Sandi toilet uses conveyor belt rather than water to dispose of waste
Solid waste is "flushed" away with a conveyer belt in the Sandi toilet, invented by recent Brunel University graduate Archie Read for the hundreds of millions of people who are currently living without safe sanitation.
Read designed his waterless, off-grid toilet primarily for rural sub-Saharan Africa, where this problem is particularly acute. But globally, more than 1.7 billion people did not have access to basic sanitation services such as private toilets or latrines in 2020.
Sandi is intended to function without being connected to a sewage system while keeping waste separated and free of contaminating chemicals, so that it can be safely disposed of or reused as fertiliser.
It features a Western-style toilet seat above a special toilet bowl that diverts the urine while solid waste is deposited onto a small conveyor belt.
The toilet is "flushed" via a manual lever that moves the belt forward and drops the waste into a bin, sealed with a sprung hatch door to keep its contents safely out of reach of humans and household pests.
Since it requires neither plumbing nor electricity, Sandi acts as a "drop and go" solution that only needs to be pinned to the floor, Read says.
The design gets its name from the use of sand as a protective coating to keep the conveyer belt clean.
To use the Sandi toilet, a person would need to fill the hopper at the rear with sand or a similar locally sourced material. Anything dry and powdered or desiccated such as sawdust or dirt is suitable to stop faeces from sticking to the belt.
A crank of the flush lever causes fresh sand to be loaded onto the conveyer belt, at the same time as moving the belt forward. A brush on the underside of the belt cleans off any residue remaining after the waste's disposal.
The flush only needs to be pulled for solid waste, as the toilet bowl's design uses a physical divider to direct urine to a separate container at the front of the toilet.
"It is key to do this as urine is kept sterile and faeces is allowed to dry out, which helps prevent pathogen reproduction and decreases the composting time," Read told Dezeen.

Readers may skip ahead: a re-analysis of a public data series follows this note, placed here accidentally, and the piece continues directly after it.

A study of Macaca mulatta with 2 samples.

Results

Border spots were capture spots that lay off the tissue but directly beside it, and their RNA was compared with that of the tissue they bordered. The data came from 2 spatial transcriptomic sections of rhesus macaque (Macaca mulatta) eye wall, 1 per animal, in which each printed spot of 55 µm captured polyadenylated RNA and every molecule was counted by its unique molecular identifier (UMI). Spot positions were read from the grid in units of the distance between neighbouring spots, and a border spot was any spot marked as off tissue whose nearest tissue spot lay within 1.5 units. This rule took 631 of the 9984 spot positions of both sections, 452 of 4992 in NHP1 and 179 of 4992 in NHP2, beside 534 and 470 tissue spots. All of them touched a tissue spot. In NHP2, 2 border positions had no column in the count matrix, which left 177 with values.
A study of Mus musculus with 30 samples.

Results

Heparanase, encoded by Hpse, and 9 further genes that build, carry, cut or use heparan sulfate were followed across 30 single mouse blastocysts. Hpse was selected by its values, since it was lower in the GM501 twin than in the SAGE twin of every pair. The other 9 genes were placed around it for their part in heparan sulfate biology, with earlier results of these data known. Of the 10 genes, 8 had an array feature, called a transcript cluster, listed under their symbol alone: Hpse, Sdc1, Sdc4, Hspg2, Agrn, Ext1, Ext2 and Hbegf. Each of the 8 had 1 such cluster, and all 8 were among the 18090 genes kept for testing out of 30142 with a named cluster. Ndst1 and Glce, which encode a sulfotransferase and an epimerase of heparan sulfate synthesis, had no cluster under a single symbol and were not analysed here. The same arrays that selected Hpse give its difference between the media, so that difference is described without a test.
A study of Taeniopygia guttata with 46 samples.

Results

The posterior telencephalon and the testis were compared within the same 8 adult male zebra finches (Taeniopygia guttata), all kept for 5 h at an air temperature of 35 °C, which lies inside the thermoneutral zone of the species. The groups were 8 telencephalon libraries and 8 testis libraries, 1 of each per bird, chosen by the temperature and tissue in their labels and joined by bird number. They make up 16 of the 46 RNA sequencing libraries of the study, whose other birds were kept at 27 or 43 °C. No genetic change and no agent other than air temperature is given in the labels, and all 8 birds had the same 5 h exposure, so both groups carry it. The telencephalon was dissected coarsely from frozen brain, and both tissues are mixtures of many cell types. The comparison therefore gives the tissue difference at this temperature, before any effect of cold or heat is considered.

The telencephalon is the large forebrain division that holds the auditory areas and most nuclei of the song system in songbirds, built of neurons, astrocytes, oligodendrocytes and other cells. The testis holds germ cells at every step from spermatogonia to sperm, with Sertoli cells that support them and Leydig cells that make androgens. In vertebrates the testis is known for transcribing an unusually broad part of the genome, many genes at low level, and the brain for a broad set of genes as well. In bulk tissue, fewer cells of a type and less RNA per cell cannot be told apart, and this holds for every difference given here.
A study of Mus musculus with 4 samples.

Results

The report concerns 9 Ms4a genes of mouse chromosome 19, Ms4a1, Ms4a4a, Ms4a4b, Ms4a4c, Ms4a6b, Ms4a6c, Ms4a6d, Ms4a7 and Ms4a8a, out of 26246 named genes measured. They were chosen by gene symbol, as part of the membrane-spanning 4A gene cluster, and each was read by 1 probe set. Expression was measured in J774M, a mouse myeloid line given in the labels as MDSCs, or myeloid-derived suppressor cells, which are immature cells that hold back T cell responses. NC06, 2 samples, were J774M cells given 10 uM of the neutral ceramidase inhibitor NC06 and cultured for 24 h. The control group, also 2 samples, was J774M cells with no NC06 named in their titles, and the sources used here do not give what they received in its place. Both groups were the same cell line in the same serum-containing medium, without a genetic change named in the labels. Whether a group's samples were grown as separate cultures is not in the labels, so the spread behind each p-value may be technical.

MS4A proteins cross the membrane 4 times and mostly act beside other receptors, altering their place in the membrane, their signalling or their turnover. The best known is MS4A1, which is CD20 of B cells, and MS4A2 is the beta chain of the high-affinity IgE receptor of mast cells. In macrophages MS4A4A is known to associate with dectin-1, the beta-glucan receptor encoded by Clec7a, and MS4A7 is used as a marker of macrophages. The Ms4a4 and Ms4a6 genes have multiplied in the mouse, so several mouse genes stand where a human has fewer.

The bins can store 20 litres of solid waste and 30 litres of liquid waste, which Read estimates would allow a household of seven to go around nine days without needing to empty the containers.
Ultimately, the waste disposal would likely be handled differently depending on location, he says.
In villages, a person may be employed to collect the used containers and replace them with clean ones, while more isolated individuals might handle the disposal themselves and repurpose the waste for fertiliser.
"The urine can be used straight away, as it is sterile if never in contact with faeces, so they can simply water it down and use it as fertiliser," said Read.
"The reason for reusing the waste streams as fertiliser rather than trying to recover biogas or chemicals is that it is cheap. And as the target market for Sandi is rural communities, fertilisers will be quite valuable to them."
Read developed a working prototype and a 3D-printed scale model of Sandi as part of his bachelor's degree in product design engineering at Brunel University.
He envisages a production version of the product would be made from cost-effective high-density polyethylene (HDPE) plastic but has put off further development until he has more industry experience.
Other student projects featured in Brunel's school show on Dezeen include a minimalist air quality monitor and a Reading Monster toy that allows children to independently learn the alphabet.